Thinking About Your Path


The idea of your path is simple.

We are born and when we are tiny, we step onto a path. It’s your life path. It includes your life at home, your friends and activities, your interests and talents and challenges and everything that happened to you along the way.

You become an adult and your path keeps moving forward, but now it includes grownup things like a job, a dwelling, commitments and obligations and all the joys and burdens that come with adulthood. Your career is a big part of your path once you are an adult.

Whether or not you get paid for it, you do various things.  You don’t sit in the corner and stare at the ceiling all day. You are out and about. You are working or going to school or job-hunting or retired or building a business.

You are on your path!

We talk about your path because most of us were not taught as kids that we get to choose where to go in our lives. A lot of us learned that you get a job and keep the job as long as you can and call it good. We don’t necessarily believe that we get to design the lives we want and have the careers we want.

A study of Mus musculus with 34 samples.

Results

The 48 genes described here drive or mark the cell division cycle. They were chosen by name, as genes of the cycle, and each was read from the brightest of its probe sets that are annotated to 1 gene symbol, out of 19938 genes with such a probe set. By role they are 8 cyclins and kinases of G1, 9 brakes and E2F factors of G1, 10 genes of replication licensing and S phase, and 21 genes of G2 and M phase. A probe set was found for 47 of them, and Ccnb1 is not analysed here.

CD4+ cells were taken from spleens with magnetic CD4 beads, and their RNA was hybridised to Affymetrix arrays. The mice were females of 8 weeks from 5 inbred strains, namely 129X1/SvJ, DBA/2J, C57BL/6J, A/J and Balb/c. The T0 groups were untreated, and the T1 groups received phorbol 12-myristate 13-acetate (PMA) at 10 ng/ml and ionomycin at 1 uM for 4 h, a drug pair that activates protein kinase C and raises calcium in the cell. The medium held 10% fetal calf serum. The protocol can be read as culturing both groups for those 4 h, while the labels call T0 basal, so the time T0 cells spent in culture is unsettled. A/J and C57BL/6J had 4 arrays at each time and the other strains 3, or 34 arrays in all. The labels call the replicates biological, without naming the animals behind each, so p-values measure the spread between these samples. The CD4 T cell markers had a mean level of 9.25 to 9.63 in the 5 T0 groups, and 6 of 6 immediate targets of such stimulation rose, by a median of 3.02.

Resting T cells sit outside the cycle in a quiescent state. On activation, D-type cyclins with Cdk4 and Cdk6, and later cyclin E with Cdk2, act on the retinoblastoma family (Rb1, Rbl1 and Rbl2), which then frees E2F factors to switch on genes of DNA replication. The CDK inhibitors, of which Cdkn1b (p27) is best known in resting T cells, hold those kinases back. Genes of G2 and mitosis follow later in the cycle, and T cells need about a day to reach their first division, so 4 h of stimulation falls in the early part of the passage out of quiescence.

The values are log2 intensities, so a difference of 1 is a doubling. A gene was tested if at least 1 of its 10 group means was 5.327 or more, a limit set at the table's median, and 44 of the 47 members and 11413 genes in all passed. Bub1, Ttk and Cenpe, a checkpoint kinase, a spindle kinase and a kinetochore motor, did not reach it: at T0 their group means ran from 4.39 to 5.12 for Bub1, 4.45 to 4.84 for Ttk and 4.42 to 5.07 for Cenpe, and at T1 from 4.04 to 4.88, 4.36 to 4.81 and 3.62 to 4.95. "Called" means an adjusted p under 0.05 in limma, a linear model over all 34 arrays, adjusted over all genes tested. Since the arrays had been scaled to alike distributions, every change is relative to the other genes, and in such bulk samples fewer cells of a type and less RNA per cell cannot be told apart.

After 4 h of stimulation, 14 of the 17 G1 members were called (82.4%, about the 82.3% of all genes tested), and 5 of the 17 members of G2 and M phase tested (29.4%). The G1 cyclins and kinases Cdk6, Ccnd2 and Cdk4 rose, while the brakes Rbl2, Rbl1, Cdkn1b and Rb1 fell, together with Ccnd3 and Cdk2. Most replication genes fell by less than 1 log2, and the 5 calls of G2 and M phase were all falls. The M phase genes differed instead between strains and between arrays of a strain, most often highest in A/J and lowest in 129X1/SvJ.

It’s fun to think about your life as a path that you stepped onto when you learned to walk and that will carry you through your life. The image of a path brings up all kinds of stimulating and useful ideas.

If your life is a path, you can climb up on a hillside and look down at your path. You can stop and admire the distance you’ve traveled already. You can recall and reflect on the obstacles you’ve overcome and the funny things that happened along your path.

You can look ahead and decide where your path should lead.

That’s why we are here — to move down our paths in the direction we choose, at the pace we choose, in the conveyance we choose or on foot (or wings, if we like) and in the manner we select.

It’s your path. It’s up to you where it goes and how it gets there.

Discussion:

Thinking about your life and career as a path might stimulate new ideas for you. What’s your first reaction to the idea that you have a path and you get to decide where it goes?